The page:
Republican Sens. Rand Paul and Ted Cruz are rivals for their party's White House nomination, but they're finding common ground in the Senate's budget fight.
On Wednesday, the 2016 hopefuls jointly filed an amendment to the budget plan that would cut new budget authority for environment and natural resources programs by roughly $11 million annually over the next decade.
The amendment is aimed at cutting funds needed to enforce planned EPA rules that define the scope of federal jurisdiction under the Clean Water Act.
Republicans and major business groups fear the rule will substantially expand the amount of smaller water bodies subject to federal regulation, a charge EPA disputes.
It's one of hundreds of amendments that senators have filed, many of them designed to help or hurt each other's prospects for reelection to the Senate or—in the case of Paul, Cruz, and Sen. Marco Rubio—the Republican presidential nomination. it's not clear if the Cruz/Paul amendment will get a vote during the marathon "vote-a-rama" that began early Thursday afternoon.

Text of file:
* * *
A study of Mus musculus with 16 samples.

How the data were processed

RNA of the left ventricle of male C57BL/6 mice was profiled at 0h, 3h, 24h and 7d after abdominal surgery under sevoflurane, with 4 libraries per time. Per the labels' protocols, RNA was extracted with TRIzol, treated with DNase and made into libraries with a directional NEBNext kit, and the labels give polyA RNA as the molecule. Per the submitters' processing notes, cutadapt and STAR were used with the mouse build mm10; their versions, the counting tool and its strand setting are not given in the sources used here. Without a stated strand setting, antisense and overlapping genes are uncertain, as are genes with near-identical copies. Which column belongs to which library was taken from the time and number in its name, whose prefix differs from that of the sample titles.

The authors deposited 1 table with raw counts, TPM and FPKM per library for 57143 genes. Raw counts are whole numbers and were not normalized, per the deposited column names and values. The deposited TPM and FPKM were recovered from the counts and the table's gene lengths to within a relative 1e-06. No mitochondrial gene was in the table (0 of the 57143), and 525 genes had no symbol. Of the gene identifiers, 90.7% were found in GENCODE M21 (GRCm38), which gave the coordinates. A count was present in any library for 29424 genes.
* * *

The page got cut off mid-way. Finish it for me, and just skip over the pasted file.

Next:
The amount of the proposed cuts is modest. Paul is seeking much deeper cuts—in the billions of dollars—to environmental, international, education, and other programs.
Those cuts are part of Paul's amendment to increase defense spending by about $190 billion over the next two years, with more increases thereafter. The Senate voted against the defense spending amendment Thursday afternoon.
This story has been updated.
This article is from the archive of our partner National Journal.